Environmental issues would get top priority in Howard County government, with a new agency reporting directly to County Executive Ken Ulman if he adopts draft recommendations of a volunteer commission.
The 21-member Commission on the Environment and Sustainability appointed by Ulman in February will recommend that the county create an Office of Environmental Sustainability, as well as take action on matters such as air and water quality, energy conservation and open space.
The commission met yesterday to discuss details of its final report, scheduled to be presented to Ulman on Aug. 28, and plan a celebratory party for later that week.
The group also plans to recommend formation of a permanent advisory board. The creation of the office and advisory board would require County Council approval.
The commission favored the proposed Office of Environmental Sustainability - with clout similar to the county's budget and law offices - rather than creation of a formal department of the environment, which members believed would cause a cumbersome reorganization of government and be less effective.
Joshua Feldmark, the commission's executive director, said he envisions an office that could eventually have a staff of seven employees. The office would include five bureaus, covering policy development, environmental compliance, energy management, education and outreach, and financial management, according to the report distributed at yesterday's meeting in the George Howard Building.
Mark Southerland, the commission's co-chair and an ecologist, said, "It all comes down to leadership at the county executive level." Ulman has made environmental progress and energy savings a key issue in his administration.
Several members praised Ulman for focusing attention on environmental issues by creating the commission.
"This is only the very beginning; 2007 is a watershed of a beginning effort to move the environment forward for the county," said Elizabeth Singer, vice president of the Howard County Citizens Association and co-chair of the commission.
Singer said the commission's process was as refreshing as its conclusions.
"What's unique about the process is the dialogue sessions," she said. There were no mind-numbing, formal public hearings stretching until midnight. "We sat in a circle and everybody had an opportunity" to contribute. The result was substantially based on that dialogue, she said.
The Commission on the Environment and Sustainability worked in five committees to come up with its draft recommendations. In addition to the group that discussed creating the new agency, other groups considered air and water quality, energy, environmentally friendly buildings and open space and land preservation.
Ulman recently signed legislation approved by County Council promoting construction of "green" buildings in the county - not waiting for the commission's report on that.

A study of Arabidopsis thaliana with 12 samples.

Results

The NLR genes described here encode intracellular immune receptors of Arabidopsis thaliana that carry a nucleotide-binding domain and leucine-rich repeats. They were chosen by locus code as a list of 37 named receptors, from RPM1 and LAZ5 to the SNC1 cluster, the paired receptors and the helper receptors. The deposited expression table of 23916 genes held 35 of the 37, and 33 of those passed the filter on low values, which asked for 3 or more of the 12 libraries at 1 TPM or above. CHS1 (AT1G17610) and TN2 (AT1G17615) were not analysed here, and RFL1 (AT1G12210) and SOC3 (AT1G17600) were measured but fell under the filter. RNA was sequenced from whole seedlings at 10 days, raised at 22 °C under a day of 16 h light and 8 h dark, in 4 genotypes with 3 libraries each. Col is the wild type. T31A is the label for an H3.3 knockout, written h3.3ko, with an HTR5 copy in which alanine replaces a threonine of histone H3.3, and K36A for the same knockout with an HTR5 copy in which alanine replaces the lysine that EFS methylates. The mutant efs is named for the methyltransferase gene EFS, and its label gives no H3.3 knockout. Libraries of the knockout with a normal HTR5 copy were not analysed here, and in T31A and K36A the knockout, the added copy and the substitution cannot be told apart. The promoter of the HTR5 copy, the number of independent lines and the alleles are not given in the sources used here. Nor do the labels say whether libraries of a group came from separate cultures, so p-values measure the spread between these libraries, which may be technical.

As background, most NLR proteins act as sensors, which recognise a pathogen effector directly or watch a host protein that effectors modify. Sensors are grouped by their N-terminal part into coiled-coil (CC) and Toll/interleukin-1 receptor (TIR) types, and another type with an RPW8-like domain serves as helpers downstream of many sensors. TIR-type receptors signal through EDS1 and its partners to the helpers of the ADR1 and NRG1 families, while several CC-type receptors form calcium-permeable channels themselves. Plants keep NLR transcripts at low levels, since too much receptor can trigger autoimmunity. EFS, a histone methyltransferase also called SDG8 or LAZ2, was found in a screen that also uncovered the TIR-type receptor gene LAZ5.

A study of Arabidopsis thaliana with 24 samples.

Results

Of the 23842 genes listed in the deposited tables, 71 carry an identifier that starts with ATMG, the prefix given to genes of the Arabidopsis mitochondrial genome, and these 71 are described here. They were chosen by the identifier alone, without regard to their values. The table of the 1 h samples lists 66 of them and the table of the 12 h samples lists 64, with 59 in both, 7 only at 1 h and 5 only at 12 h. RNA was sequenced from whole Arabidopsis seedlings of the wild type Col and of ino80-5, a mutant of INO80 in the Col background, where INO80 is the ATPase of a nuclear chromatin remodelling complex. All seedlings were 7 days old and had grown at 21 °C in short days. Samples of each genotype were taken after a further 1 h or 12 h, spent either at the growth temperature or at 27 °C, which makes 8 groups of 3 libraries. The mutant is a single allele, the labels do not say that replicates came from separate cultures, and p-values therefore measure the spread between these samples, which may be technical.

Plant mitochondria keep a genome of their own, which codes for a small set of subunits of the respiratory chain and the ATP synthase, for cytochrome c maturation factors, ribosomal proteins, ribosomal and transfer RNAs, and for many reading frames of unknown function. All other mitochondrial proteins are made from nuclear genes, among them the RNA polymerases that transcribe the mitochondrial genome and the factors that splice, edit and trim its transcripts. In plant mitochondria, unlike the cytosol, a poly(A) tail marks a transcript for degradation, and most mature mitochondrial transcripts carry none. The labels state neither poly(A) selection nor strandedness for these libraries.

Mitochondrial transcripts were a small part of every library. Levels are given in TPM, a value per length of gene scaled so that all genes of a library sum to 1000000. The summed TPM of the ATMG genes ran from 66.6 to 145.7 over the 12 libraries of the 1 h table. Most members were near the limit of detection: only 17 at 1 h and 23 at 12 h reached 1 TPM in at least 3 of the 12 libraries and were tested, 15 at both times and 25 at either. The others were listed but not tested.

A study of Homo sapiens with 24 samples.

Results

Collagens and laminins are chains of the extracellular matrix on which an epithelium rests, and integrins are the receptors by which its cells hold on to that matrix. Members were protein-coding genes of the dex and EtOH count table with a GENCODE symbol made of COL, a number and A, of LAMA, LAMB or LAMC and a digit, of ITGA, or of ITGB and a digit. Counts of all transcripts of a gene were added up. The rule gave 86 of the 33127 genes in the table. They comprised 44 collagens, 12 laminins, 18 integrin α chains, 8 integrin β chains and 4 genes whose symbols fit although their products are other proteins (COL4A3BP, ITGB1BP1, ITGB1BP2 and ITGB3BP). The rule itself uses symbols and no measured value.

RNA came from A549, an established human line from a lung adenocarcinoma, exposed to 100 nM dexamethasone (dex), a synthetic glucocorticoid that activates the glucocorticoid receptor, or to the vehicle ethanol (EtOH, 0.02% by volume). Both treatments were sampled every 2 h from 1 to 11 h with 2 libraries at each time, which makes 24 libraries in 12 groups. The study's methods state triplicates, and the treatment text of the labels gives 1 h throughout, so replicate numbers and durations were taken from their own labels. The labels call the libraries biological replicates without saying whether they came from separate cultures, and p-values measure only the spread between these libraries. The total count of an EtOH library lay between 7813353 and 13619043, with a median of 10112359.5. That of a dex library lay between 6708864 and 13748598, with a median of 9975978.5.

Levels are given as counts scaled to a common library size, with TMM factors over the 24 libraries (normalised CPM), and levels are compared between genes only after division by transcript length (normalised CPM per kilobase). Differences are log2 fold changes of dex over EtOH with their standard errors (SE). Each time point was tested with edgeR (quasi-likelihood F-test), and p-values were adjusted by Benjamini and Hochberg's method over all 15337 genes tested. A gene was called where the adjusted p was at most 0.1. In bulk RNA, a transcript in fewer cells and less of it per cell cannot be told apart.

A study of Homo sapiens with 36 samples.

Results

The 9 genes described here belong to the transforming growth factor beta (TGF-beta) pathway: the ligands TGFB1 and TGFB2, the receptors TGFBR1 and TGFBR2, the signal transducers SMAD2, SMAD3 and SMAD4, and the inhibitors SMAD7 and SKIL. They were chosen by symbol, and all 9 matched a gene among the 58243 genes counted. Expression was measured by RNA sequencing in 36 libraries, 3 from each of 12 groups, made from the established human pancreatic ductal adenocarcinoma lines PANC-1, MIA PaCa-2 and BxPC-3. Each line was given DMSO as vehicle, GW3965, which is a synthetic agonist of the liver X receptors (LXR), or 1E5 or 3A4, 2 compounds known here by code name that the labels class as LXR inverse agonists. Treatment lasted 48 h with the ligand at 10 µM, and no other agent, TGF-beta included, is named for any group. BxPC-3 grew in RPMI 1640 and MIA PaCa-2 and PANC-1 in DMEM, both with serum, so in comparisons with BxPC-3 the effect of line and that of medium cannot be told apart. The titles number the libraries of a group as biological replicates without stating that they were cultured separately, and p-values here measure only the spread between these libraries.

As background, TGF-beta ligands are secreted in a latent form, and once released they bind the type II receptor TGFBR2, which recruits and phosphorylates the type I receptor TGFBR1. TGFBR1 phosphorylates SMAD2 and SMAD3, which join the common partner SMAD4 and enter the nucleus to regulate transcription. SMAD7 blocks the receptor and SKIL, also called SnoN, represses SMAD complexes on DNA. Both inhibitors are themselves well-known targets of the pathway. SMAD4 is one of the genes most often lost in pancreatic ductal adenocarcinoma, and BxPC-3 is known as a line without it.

"Ken didn't say he would stand still. That's good," said Lee Walker Oxenham, the Sierra Club's representative on the commission.
The committees suggested ways for environmental issues to be injected into the policies of every county government agency, from development regulations in planning and zoning to paving requirements in public works.
The draft report reviewed yesterday, for example, said regulations "need to be updated ... to encourage and require development that minimizes impervious surfaces, retains trees and better incorporates low-impact development."
The report said the county needs to emphasize mass transit over automobile use, and the energy committee suggested broad goals - such as reducing 2006 levels of greenhouse gas emissions 15 percent by 2017.
Land preservation is another pressing matter, the open-space committee concluded, because the county's supply of undeveloped land has shrunk drastically.
The education group suggested creating a "central source of consumer and technical information about energy conservation and environmental protection," informing the public on environmental issues, and partnering with county schools and Howard Community College.
Feldmark said he has been keeping Ulman up to date on the commission's work and recommendations.
"We wouldn't want this to be a shock," commission member Betsy McMillion said.
Chein-Chi Chang, a commission member who is a senior engineer at the Washington Water and Sewer Authority, had another question.
"How will we resolve differences between the director [of environment] and other department heads?" he asked.
Feldmark said that was the intent in positioning the proposed agency directly under the county executive, who would be the final arbiter of disputes.